Kids learn in many different ways. Some do best with information they hear. Others may find it easiest to learn by seeing something. Multisensory instruction is a way of teaching that engages more than one sense at a time.
How does multisensory instruction work?
When kids learn, they often rely on sight to look at text and pictures and to read information. Many kids also rely on hearing to listen to what the teacher is saying.
Multisensory teaching isn’t limited to reading and listening. Instead, it tries to use all the senses. Not every lesson will use all five senses (taste, smell, touch, sight, hearing, and movement). But in most multisensory lessons, kids engage with the material in more than one way.
For example, let’s say a class is studying apples. Kids might have the chance to visually examine, touch, smell, and taste apples — instead of just reading and listening to their teacher speak about how they grow. Then they might hold a halved apple and count the number of seeds inside, one by one.
That’s multisensory teaching. It conveys information through things like touch and movement — called tactile and kinesthetic elements — as well as sight and hearing.
What subjects is multisensory instruction used for?
Many programs designed to help struggling readers include a multisensory approach (in addition to other components). Orton–Gillingham pioneered this approach. Programs like these deliberately use sight, sound, movement, and touch to help kids connect language to words.
For example, one of the techniques the Wilson Reading System uses is a “sound-tapping” system. Kids tap out each sound of a word with their fingers and thumbs to help them break the words down.
The Barton Reading Program materials include color-coded letter tiles that help students connect sounds to letters.
But multisensory instruction is used to teach other subjects, too.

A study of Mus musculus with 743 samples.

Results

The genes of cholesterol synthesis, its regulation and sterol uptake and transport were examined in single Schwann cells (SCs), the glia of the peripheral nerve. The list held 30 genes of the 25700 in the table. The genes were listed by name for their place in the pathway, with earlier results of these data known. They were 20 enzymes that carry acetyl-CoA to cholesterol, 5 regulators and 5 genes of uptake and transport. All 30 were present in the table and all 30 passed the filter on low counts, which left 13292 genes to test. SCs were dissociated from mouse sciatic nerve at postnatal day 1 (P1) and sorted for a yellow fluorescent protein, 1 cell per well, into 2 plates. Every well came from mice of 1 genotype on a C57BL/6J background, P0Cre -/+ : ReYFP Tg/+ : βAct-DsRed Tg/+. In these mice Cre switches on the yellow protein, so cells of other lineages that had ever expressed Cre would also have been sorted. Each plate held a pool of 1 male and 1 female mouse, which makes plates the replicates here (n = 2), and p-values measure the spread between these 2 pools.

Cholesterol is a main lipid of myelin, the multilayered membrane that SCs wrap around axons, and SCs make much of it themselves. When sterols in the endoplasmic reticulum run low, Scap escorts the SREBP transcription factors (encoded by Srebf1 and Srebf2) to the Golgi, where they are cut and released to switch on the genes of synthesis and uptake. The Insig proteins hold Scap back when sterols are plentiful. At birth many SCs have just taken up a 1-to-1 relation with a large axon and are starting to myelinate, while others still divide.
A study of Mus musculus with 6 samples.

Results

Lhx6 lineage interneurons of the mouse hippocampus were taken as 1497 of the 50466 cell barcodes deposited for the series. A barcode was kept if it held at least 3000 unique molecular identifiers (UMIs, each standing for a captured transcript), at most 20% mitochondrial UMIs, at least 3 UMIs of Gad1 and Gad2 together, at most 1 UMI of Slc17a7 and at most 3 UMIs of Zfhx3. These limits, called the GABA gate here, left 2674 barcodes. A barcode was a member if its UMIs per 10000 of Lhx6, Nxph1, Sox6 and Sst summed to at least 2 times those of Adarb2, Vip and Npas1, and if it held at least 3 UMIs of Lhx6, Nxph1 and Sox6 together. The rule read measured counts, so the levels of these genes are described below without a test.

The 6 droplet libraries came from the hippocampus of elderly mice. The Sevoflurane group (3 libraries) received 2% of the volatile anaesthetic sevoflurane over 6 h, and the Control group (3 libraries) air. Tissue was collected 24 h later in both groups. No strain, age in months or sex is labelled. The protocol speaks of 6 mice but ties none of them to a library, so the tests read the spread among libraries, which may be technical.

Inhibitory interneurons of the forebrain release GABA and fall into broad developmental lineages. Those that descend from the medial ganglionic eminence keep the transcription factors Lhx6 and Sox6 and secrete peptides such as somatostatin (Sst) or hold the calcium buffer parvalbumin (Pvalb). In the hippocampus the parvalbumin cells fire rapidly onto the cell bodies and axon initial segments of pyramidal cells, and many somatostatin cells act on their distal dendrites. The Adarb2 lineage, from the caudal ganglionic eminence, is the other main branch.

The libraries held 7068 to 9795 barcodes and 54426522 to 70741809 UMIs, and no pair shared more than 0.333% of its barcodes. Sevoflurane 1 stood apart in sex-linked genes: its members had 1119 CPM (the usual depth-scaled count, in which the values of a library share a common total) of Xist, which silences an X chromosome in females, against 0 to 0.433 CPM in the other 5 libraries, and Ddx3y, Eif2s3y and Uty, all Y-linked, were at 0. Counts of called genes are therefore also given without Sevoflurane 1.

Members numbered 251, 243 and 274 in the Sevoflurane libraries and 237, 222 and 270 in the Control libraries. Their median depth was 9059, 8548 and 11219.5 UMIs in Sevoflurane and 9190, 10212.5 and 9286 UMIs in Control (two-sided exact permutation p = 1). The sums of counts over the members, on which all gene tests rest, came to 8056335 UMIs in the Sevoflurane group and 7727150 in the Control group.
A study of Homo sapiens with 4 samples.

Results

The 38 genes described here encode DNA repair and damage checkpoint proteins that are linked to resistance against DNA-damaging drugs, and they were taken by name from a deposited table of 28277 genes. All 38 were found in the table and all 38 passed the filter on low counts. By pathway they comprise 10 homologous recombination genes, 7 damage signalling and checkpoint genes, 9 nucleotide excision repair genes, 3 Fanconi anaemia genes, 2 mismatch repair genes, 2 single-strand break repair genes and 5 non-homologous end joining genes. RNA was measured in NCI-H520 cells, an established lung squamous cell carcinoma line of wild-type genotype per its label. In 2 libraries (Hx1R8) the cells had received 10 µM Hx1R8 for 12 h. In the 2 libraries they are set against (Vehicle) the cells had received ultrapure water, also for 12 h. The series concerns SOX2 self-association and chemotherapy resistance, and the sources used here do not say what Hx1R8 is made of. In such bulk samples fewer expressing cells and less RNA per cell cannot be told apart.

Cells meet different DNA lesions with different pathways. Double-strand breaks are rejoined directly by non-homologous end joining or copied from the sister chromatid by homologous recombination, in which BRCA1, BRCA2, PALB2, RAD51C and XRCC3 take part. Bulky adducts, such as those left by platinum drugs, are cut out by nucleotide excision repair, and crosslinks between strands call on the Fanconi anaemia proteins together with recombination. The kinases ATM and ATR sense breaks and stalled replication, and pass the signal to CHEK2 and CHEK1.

Some grade school math programs use manipulatives (small objects like interlocking cubes or shape blocks) to help kids do math.
Science labs, in which kids perform experiments, write down the steps, and report their findings, are multisensory learning experiences.
Even songs and chants that teach things like the days of the week or the names of the states are examples of multisensory learning.
Multisensory instruction aligns with the Universal Design for Learning (UDL) framework. Classrooms that are designed using UDL principles give students many ways to engage in their learning. UDL provides different options for students to meet their learning goals and to show what they’ve learned. By its nature, multisensory instruction builds in that variety. It makes it easier for kids to work in the way that they learn best in different subjects.
Who can benefit from multisensory instruction?
All kids can benefit from multisensory lessons. If kids learn something using more than one sense, the information is more likely to stay with them. The engaging activities result in better memory of the skill.
But multisensory learning can be particularly helpful for kids who learn and think differently. For example, students who struggle with visual or auditory processing may find learning information through only reading or listening a challenge.
Using multiple senses gives all kids more ways to connect with what they’re learning. This type of hands-on learning can make it easier for kids to:
Make connections between new information and what they already know.
Understand and work through problems.
Use nonverbal problem-solving skills.
Multisensory instruction helps kids tap into the ways they feel most comfortable learning to make connections and form memories. And it allows them to use a wider range of ways to show what they’ve learned.
Multisensory teaching takes into account that different kids learn in different ways. It helps meet the varying needs of all kids — not just those who learn and think differently. And by providing multiple ways to learn, it gives all kids a chance to thrive.
Interested in learning more about multisensory instruction?